The Element Encyclopedia of Witchcraft: The Complete A-Z for the Entire Magical World - Judika Illes 2005
The Devil’s Grandmother
Powerful goddesses frequently had male consorts. Sometimes the consort is a horned male spirit, such as Diana and Virbius. Sometimes the goddess is envisioned as a beautiful, mature woman with a significantly younger male consort whom she initiates and tutors and, sometimes, ultimately kills. The goddess is eternal; her youthful consort can be replaced. Such myths are told of Kybele and Attis, Aphrodite and Adonis, Inanna-Ishtar and Tammuz. The story of Artemis and Actaeon, the hunter who is transformed into a deer and killed by his hunting hounds, may actually incorporate both motifs.
Diana lived with Virbius, a horned stag spirit, in the sacred grove of Nemi, near Rome. He is clearly identified as her consort; he is subordinate to her. This image of the witch-goddess living in the forest with a horned man eventually emerged as the Christian prototype for the witch and devil, respectively—with one extremely significant difference. In the Christian version, the male devil is dominant; the female witches adore him. This is the opposite of the original Pagan perspective. The devil allegedly initiates and tutors women.
The Christian devil was popularly envisioned as a horned spirit, however, people may have remembered that once upon a time, the female half of this dyad was dominant and she did the initiating and tutoring. Throughout Russia, Northern, and Central Europe, the Devil’s Grandmother emerged as a formidable force: she taught him everything he knows. Allegedly she retained some secrets and still knows a trick or two more than he does.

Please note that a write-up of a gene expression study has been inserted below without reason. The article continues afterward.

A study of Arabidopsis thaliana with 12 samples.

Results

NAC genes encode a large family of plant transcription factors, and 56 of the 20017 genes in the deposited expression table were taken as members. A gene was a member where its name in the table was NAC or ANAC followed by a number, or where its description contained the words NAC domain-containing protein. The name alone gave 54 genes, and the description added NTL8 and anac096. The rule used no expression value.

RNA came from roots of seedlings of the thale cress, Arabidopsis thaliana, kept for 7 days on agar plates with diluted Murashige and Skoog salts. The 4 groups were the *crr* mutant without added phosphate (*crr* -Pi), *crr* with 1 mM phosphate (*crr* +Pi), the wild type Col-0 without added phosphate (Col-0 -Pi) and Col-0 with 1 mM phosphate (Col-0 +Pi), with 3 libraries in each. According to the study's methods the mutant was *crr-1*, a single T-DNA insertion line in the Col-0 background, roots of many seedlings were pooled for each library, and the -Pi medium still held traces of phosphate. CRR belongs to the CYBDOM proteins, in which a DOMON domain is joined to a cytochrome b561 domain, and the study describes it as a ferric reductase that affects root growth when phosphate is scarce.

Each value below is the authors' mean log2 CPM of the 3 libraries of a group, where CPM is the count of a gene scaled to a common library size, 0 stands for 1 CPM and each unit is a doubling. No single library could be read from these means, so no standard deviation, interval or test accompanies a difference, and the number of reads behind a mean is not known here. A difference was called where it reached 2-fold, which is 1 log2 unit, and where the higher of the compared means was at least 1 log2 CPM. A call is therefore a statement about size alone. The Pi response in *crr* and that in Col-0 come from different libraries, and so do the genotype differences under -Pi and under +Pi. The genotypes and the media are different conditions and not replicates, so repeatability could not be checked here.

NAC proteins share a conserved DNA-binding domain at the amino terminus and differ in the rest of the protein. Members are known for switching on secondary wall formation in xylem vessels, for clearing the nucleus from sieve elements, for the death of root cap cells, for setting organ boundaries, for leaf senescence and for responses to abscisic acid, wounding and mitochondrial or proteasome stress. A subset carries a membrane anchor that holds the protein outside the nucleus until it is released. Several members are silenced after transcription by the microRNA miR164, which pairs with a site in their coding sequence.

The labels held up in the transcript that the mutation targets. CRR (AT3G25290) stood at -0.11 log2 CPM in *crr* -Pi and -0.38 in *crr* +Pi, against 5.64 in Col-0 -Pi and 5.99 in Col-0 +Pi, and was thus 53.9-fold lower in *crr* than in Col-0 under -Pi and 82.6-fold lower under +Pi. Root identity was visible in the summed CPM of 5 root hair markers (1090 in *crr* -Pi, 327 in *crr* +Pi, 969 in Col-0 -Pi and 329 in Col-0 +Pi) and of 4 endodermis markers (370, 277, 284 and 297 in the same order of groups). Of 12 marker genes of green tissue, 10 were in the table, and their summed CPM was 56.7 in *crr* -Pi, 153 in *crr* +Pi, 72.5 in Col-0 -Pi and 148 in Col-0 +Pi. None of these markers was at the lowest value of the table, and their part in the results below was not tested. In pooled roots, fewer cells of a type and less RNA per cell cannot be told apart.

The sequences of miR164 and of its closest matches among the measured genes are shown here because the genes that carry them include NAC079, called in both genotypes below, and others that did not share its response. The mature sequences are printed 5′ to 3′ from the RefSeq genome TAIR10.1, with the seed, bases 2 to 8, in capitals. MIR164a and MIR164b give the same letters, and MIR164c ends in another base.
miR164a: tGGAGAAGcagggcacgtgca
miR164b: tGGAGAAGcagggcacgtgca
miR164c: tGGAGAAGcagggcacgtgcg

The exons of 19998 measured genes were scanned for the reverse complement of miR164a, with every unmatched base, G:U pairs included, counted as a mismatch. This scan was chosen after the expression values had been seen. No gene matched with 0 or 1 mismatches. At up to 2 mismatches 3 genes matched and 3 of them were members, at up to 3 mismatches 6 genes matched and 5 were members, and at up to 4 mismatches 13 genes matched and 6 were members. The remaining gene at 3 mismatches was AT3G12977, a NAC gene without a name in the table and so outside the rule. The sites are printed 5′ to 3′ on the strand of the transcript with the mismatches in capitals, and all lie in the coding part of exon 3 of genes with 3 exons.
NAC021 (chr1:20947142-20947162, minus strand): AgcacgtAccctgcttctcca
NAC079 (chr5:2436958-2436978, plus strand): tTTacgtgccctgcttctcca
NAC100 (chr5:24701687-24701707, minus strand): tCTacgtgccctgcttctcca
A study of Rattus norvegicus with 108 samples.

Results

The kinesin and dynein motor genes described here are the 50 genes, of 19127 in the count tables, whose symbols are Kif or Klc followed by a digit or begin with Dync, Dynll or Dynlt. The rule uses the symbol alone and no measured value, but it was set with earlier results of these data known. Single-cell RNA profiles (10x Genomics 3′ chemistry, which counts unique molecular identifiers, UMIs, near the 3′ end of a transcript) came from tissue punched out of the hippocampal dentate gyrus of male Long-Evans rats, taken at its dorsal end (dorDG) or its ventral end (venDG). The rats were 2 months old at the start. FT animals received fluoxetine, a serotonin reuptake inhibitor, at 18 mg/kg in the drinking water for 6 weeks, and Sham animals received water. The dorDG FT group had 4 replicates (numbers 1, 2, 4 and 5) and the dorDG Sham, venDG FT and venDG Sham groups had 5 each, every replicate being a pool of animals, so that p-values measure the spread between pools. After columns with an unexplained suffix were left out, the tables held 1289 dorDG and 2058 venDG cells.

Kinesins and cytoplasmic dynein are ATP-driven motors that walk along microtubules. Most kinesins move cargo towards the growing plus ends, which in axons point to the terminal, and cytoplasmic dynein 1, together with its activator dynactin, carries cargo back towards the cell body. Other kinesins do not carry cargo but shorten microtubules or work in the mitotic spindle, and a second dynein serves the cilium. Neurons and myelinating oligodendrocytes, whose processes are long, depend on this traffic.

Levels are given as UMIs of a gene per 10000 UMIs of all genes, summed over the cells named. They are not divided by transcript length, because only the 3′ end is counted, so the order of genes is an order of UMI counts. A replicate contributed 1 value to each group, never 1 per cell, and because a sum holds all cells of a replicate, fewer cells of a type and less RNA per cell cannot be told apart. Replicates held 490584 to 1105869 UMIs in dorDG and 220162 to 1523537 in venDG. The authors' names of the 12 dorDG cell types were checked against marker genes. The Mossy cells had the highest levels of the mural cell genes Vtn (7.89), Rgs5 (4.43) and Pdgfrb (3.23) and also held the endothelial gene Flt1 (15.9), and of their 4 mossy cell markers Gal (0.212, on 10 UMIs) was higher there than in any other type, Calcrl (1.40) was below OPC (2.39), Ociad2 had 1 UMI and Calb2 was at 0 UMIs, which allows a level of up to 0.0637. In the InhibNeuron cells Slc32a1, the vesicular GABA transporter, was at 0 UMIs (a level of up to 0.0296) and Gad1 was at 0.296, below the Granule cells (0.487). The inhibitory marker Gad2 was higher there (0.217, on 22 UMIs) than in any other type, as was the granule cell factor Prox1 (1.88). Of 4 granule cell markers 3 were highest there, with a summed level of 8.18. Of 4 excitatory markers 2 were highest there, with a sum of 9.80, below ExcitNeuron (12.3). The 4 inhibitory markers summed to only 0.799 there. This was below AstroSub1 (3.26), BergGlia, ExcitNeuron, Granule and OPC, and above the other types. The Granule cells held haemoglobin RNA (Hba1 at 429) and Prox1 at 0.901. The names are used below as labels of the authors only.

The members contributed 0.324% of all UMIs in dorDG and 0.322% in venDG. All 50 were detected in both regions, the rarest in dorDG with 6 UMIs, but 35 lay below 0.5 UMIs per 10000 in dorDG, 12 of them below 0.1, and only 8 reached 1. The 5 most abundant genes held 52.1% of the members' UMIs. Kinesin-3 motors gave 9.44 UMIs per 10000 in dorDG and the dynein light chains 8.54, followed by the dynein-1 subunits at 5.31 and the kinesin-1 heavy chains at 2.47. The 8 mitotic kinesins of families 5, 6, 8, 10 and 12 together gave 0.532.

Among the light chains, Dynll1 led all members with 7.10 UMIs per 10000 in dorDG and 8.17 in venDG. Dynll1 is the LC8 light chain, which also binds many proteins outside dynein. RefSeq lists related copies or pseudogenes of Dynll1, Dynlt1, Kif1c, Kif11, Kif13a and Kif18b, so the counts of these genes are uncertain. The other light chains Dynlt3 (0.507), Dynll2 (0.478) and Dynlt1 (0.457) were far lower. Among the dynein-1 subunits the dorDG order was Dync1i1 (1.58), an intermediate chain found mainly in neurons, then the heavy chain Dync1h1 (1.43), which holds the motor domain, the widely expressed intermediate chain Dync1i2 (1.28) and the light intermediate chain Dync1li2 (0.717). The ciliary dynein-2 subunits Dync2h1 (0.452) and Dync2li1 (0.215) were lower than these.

No longer the goddess in the form of a beautiful woman in her prime, the devil’s grandmother corresponds instead to the once sacred image of the Hag. On the one hand, this old legend was intended to further diabolize old women; on the other, it recalls a time when women’s wisdom was respected.
The devil’s grandmother was frequently utilized as a bogie-woman to frighten children (“be good or the devil’s grandmother will get you!”). She is also perceived as scarier and more dangerous than her son; if you can survive an encounter with the devil, you’ll still have his mother to deal with, or so goes the theme of many folktales, similar perhaps to the monster Grendel and his even fiercer mother from the Anglo-Saxon epic Beowulf.
However, sometimes the goddess’ essential benevolence shines through. In various somewhat subversive fairy tales, the devil’s grandmother assists the hero to accomplish his goals.
See FAIRY-TALE WITCHES: Grimms’ Fairy Tales: The Devil With the Three Golden Hairs; HORNED ONE: The Devil.